Earlier this week, RT, formerly known as Russia Today, fulfilled the demands of the US Justice Department and registered under its Foreign Agents Registration Act (Fara). It was the end point of months of intense scrutiny into the state-funded outlet.
But for Moscow it was only the beginning. Almost as soon as the Fara registration had been filed, Russian ambassador to the US Anatoly Antonov arrived at RT’s Washington offices. He made a promise: the Kremlin would “never let [its] people down” and would respond accordingly. Within two days, Russian parliamentarians delivered on the promise, passing new legislation restricting the work of foreign media in Russia.
Tabled on Tuesday, the legislation was passed in super-fast time – with deputies voting on its third reading unanimously. It is expected the upper house will rubber stamp its progress at its next sitting.
The new legislation grants Russia’s ministry of justice powers to label any foreign-funded media outlet a “foreign agent”. Other than that, the wording is vague – deliberately so, critics suggest.
The bill’s sponsors have said that the law will target legal entities incorporated in Russia. In other words, accredited correspondents from Western media outlets would not be directly affected but the Russian offices of Deutsche Welle, Voice of America and Radio Free Europe/Radio Liberty – both US government-funded outlets – and the BBC would fall under its remit. Likewise, domestic media receiving some support from abroad could also fall under scrutiny,
Those media organisations who refuse to comply – or who disseminate information of other “undesirable organisations” – would see their websites blocked in Russia.
One of the potential subjects of the new law, the BBC, told The Independent it would “carefully” study its provisions. Tanya Lokshina, senior expert at Human Rights Watch, said that the amendments seemed “disproportionate, too broad, and too vague, even by Russian parliament standards,”. Unlike legislation requiring foreign-funded NGOs to register automatically, it appears the Kremlin intended to “pick and choose” the foreign media they want registered, she said.
“The net has been cast as wide as possible,” said Anna Kachkaeva, media expert at the Higher School of Economics. “How it will work in practice is anyone’s guess.”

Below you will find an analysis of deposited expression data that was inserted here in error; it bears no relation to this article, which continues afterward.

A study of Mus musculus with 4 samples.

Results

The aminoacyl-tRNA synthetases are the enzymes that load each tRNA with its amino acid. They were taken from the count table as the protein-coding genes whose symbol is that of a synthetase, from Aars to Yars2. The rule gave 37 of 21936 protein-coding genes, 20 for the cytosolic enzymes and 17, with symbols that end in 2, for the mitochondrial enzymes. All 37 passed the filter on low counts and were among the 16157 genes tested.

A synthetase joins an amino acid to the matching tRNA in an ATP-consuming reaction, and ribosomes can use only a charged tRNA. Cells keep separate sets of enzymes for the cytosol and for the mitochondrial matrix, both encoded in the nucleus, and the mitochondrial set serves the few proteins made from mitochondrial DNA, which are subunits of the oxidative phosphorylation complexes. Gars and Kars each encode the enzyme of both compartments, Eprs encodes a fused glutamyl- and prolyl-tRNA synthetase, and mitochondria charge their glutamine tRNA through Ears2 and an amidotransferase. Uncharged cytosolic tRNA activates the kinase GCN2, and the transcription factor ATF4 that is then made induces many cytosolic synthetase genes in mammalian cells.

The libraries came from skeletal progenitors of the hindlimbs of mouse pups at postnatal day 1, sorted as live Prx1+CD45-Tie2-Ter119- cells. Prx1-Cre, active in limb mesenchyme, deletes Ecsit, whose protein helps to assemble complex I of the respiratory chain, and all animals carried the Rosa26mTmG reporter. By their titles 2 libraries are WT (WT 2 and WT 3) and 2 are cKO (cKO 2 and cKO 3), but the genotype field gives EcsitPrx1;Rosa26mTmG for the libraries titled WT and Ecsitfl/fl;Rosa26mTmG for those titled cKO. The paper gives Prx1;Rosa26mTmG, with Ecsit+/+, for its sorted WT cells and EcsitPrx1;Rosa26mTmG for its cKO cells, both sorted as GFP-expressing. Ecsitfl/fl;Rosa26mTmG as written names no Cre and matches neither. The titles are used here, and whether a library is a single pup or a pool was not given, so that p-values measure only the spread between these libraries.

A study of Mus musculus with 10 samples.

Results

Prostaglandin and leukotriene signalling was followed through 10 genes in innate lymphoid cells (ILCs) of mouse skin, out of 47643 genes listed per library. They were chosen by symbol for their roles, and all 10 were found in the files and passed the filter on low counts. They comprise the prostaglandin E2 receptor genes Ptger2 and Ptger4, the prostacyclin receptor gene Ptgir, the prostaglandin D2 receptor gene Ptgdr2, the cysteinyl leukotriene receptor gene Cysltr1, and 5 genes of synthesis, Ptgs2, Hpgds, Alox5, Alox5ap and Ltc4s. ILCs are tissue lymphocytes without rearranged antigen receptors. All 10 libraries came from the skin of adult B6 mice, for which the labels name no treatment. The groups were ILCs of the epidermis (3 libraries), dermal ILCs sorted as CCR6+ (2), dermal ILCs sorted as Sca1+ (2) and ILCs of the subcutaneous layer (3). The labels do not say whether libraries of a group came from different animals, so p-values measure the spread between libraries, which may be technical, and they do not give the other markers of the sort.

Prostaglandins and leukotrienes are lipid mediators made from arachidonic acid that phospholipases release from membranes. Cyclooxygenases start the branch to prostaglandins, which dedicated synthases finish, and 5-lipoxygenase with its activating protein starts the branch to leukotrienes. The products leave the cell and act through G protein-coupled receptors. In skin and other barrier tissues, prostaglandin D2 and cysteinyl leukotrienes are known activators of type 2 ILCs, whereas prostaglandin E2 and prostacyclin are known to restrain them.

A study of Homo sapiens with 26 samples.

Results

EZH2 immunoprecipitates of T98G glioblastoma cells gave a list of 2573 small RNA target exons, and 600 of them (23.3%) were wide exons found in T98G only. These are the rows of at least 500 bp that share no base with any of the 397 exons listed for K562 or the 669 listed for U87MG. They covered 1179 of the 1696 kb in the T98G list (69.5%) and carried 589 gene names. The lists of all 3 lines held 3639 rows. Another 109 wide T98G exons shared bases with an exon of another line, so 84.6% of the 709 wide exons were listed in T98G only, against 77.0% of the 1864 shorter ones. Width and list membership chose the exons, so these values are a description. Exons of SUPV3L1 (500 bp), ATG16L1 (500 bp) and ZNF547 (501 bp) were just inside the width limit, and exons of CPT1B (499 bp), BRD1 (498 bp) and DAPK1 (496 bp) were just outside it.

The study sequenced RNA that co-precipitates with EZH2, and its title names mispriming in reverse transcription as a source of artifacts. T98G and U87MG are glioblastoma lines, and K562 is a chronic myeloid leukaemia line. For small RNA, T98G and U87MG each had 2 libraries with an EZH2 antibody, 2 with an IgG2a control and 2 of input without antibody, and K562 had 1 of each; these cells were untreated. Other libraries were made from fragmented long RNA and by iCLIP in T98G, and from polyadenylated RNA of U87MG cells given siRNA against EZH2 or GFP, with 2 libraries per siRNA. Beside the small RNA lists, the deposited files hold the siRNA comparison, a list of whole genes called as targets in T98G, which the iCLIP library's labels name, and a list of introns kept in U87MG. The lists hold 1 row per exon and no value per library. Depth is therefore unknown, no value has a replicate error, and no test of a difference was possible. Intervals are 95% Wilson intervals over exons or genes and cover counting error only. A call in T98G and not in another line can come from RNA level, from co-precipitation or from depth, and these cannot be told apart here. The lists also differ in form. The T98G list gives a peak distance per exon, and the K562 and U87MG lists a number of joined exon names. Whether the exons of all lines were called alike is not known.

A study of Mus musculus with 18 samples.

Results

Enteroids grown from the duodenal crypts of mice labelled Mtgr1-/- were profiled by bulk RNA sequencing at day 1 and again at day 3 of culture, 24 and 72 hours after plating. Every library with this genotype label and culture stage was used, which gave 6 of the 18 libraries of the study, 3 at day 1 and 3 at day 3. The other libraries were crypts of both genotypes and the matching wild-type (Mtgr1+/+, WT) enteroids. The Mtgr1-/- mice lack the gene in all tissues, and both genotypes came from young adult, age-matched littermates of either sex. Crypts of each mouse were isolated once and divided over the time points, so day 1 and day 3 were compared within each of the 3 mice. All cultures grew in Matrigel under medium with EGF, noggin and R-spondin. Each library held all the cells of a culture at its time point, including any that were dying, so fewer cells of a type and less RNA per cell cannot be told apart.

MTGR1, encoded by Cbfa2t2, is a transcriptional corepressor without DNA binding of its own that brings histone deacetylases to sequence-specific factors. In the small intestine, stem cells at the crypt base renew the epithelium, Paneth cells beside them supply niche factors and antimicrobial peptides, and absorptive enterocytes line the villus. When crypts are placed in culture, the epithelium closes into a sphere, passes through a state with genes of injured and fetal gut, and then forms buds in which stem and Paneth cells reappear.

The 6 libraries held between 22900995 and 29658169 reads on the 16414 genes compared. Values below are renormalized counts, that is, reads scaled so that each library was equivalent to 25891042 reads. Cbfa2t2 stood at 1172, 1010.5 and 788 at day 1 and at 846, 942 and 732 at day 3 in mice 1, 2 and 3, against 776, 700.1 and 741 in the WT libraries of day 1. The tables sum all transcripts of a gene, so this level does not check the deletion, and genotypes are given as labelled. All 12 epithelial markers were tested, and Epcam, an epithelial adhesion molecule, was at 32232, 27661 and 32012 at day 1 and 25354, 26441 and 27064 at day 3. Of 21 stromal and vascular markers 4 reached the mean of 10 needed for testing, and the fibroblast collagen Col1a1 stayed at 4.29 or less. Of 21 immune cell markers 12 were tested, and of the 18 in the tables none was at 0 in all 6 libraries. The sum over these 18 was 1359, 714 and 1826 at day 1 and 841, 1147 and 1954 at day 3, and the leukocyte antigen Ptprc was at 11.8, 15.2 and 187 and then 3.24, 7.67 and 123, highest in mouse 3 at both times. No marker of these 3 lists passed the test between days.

What follows from registration itself seems clearer, given the fact that a similar law has been in operation for NGOs since 2012. Publications that find themselves labelled “foreign agents” should expect to be subjected to hostile bureaucratic checks, tax inspections and financial audits. Some could experience problems renting office space. They will be expected to wear the “foreign agent” badge prominently too – on websites and on other official documents.
The vice-speaker of the Duma, Pyotr Tolstoy, one of the amendment’s sponsors, said the “necessary measure” was a response moves against Russian media abroad. He claimed it “would not impact free speech in any way”.
In truth, the moves against RT have allowed the Kremlin to return to two well-trodden paths – anti-Western rhetoric and anti-media legislation.
It was not the first time that Russia’s rulers have looked to reduce “foreign influence” in the domestic media landscape. A bill adopted in 2016, for example, saw foreign ownership severely restricted. Nor was it particularly unexpected, given the Kremlin’s long-standing promise to respond “asymmetrically” to any moves against its “interests”.
Given the predictability of the exaggerated response, some have questioned the wisdom of the original US moves against RT. Despite the headlines, RT remains a relatively insignificant resource in the West – and far less significant media that will now be restricted in Russia.
Ms Kachkaeva said the US moves had even allowed RT to take the moral high-ground.
“Whatever you think of RT, it was a case of double standards,” she said. “Everyone watching understood this was not so much about them, or the media. It was a broader game of chicken.”